If low-carbon hydrogen (in particular, green hydrogen) is going to play the part that the Government would like it to play in the race towards Net Zero, the Government needs to be more ambitious and provide more detailed policies and standards for hydrogen production and application more quickly. Elizabeth Vago, renewable energy partner with law firm Spencer West explores the issues coming out of the Government’s recently published Hydrogen Strategy.
The government’s long-awaited hydrogen strategy was finally published on 17th August 2021. Low-carbon blue hydrogen and zero-carbon green hydrogen are being held up as real game-changers in terms of helping us reach the government’s target of net zero by 2050. There are plenty of projects ready to go and investors keen to invest, so what are the issues and where does the hydrogen strategy leave us?
The government intends to produce 5GW of annual low carbon hydrogen production capacity by 2030, enough to power around three million homes. Currently, the capacity stands at almost zero. The government also plans to unlock £4bn of investment in blue and green hydrogen production, storage and usage and create 9,000 jobs all by 2030. It is taking a twin-track approach in supporting both blue and green hydrogen in the belief that this will lead to decarbonisation more quickly.
Blue hydrogen is made using fossil fuels, but the greenhouse emissions can be captured and stored underground (although not all emissions are captured). Green hydrogen is produced from renewable energy sources only, but blue hydrogen is currently cheaper to produce.
Net Zero Hydrogen Fund
A new £240 million Net Zero Hydrogen Fund has been announced which will go towards supporting new production plants, but many feel that progress is still too slow, and we need to do something now rather than waiting until 2030 when it is predicted that hydrogen will be used to heat our homes.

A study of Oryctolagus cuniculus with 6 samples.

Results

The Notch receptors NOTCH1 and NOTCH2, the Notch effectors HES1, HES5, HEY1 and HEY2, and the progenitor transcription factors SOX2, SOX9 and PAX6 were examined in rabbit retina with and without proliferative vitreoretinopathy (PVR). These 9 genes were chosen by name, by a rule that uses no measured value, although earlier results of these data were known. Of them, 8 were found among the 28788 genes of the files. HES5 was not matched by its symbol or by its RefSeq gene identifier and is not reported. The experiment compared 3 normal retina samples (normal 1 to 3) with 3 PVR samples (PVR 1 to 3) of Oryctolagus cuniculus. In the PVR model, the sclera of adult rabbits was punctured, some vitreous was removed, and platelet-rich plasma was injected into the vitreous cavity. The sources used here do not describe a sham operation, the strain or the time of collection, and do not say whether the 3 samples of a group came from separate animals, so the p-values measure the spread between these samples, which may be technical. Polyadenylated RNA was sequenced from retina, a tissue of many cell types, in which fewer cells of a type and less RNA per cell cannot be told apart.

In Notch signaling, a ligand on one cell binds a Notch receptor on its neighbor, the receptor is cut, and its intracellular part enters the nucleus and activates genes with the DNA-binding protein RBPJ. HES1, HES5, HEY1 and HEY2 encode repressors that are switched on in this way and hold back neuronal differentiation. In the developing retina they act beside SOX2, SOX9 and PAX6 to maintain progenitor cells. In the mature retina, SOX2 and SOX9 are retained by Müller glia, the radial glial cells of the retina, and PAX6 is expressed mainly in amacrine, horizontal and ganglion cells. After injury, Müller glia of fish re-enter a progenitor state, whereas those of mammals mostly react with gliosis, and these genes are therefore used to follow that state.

There are some that believe that the government could be doing more, that 5GW of low carbon production is nowhere near enough and that hydrogen is best suited to hard to decarbonise sectors such as transport shipping, heavy industry and aviation rather than being used to heat our homes.
The strategy proposes a UK minimum standard to which companies must produce low carbon hydrogen to make it easier to define the origin of the hydrogen used. The government plans to issue a consultation on this.
There is also a proposal to mix 20% hydrogen into the UK’s existing gas supply thereby reducing emissions by around 7%.
The government wants to introduce a hydrogen business model to be used in conjunction with the £240 million Net Zero Hydrogen Fund to help support the commercial deployment of low carbon hydrogen production plants in the UK and a consultation will be published shortly on that. Different models will be needed depending on the type of hydrogen being produced, especially in relation to green hydrogen. The UK Hydrogen and Fuel Cell Association (UK HFCA) has already commented in its article on the Hydrogen Strategy that “a more tailored approach is needed which will allow green hydrogen to grow at the pace we need.”
A number of other funding schemes have been put on the table to support the hydrogen industry as part of the Government’s strategy.
The Government intends to issue further consultations on some of the proposals that it has set out in the strategy and industry is keen for Government to get on with this so that there is a clear direction of travel before COP26. The Government intends to invest more public funding in developing the hydrogen economy over the coming years. There is talk about retrofitting and repurposing existing infrastructure. The Scottish Acorn Hydrogen project is one such example. There is uncertainty around the role that hydrogen will play in domestic and commercial heating, but there is due to be a government report published focussing on Heat and Buildings Strategy at some later date.
It is also clear that construction projects will be encouraged to use sustainable means of production on their construction sites going forward. HS2 is ramping up its efforts to explore hydrogen as a replacement for diesel fuel across its construction sites. It has already installed its first two hydrogen fuel cell generators on one its sites down from Old Oak Common station in London. There is the ability to retrofit old onsite equipment and more projects may follow suit.
A step forward – but not far enough
The government needs to provide more detailed policies and standards for hydrogen production and application. There needs to be a big expansion of infrastructure and skills to meet the current Government targets and there need to be more ambitious targets than 5GW. The UK has an opportunity to use the planned growth in offshore wind to help in the production capacity of green hydrogen. There are also concerns around the use of blue hydrogen. Some think it will lock us into using fossil fuels and many environmentalists think that the government should not be pursuing the use of blue hydrogen but should be focussing much more on green hydrogen because of a concern over the emissions that escape during the production of blue hydrogen.
There is therefore still much to be done.